Betty Maxwell
The attention Idyllwild lavished on Ernie Maxwell during his centennial last year was well deserved. But it left his wife, Betty, the other half of the Town Crier’s founding editorial duo, in the shadows.

Born in Missouri in 1906, Elizabeth Beeman grew up in luxury in New York City. By her own account a born actor, she appeared professionally at age ten and later studied drama at Bennett College, an exclusive two-year girls’ school, graduating in 1926.

After seven more years on stage in New York, she headed west to California with her husband in a marriage that didn’t survive the land of sunshine.

Then she met Ernie by chance when mutual friends offered him a ride in their rumble seat and Betty happened to be sitting there, too. That encounter led in due time to a 1938 wedding embellished by orange blossoms (one flower to which she happened to be allergic). At the time she was 32, he was 27.

The Maxwells settled into Los Angeles. Betty continued her career in acting and directing. But her life was gradually moving in a new direction, as she found herself serving as general-purpose secretary to friends, composing letters for job applications, to mend broken love affairs, or to hit up their families for loans. This drive to help others would blossom into a career as a “metaphysician,” as her business card put it, lecturing, teaching, and counseling.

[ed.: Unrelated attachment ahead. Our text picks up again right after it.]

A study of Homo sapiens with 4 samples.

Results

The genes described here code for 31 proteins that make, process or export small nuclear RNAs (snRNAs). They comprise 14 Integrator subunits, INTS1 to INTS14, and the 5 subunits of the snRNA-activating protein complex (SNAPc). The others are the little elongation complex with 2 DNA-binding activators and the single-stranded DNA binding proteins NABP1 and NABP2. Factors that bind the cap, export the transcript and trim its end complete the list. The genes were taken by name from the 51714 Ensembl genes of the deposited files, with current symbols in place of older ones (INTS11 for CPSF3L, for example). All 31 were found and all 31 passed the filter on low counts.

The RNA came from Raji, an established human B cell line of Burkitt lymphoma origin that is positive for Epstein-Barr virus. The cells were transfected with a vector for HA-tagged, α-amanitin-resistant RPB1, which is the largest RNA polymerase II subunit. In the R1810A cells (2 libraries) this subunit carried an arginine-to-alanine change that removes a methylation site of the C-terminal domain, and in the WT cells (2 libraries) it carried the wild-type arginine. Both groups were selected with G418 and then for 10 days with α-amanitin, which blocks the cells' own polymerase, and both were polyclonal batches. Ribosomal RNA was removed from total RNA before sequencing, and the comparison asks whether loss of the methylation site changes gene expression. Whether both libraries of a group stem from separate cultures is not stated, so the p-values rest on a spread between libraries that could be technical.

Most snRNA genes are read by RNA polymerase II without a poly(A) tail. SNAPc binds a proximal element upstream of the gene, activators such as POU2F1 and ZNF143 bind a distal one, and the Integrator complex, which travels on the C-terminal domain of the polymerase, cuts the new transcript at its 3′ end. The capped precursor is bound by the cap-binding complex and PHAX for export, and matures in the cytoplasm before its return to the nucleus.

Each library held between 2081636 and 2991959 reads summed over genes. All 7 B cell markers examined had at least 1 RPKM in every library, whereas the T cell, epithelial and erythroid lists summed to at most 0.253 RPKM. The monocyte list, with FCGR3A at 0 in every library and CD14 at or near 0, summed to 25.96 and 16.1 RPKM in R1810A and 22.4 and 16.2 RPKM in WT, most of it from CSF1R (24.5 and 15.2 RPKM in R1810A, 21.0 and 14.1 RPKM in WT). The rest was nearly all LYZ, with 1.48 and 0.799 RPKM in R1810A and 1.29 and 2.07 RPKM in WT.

The Idyllwild Area Historical Society archive has obtained a voluminous collection of handwritten notes and printed programs from Betty’s lectures and courses in Hollywood and San Francisco during the years 1939-1951. She first joined the teaching staff of the Unity Metaphysical Center in Hollywood, then became director of the Hollywood Truth Foundation.

After Ernie shipped off to the Army Air Force in 1942, Betty moved for a time to San Francisco, where she counseled and taught regularly at the Metaphysical Library and Book Shop.

At war’s end, our mountains seduced the Maxwells into settling in Idyllwild. But Betty continued her career with seminars in San Francisco and talks to Los Angeles area women’s clubs and the Institute of Religious Science.

Affiliating with the Association for Research and Enlightenment, an organization created to spread the teachings of reputed clairvoyant Edgar Cayce, she was a featured speaker at the group’s Western Conference in 1950 and 1951. She worked briefly with Cayce’s son, Hugh Lynn Cayce, on reincarnation and extrasensory perception.

Subjects of her teaching ranged from the ethereal (reincarnation, ESP) to the practical (meditation, healing, “Developing Dependable Intuition,” “Preparing for Plenty and Managing Your Wealth”), with all manner of “living metaphysics” in between.

She offered individual counseling for “wholeness of mind, body, and affairs.” Some of her topics appear a bit obscure (“World Blessing Class,” “Victory Singing”), but testimonial letters from students and clients were effusive in their praise.

Here in Idyllwild, Betty resurrected her experience editing a school newspaper to team with Ernie as co-editors of their newly launched Town Crier. Beyond that, she was a Chamber of Commerce officer, directed the community campfire program and a little theatre group, and offered spiritual living classes for Hill residents.

But she loved nothing more than getting away on horseback to back-country spots like Tahquitz Meadows. And when Ernie got stressed out and would inevitably launch into a few mournful bars of “You Always Hurt the One You Love,” Betty would cut him off, intoning “Thank you, dear, that will be quite enough of that.”

Sadly, death took Betty Maxwell from Ernie and the Hill community in 1977. But her memory lives on as one who helped give Idyllwild its extraordinary character.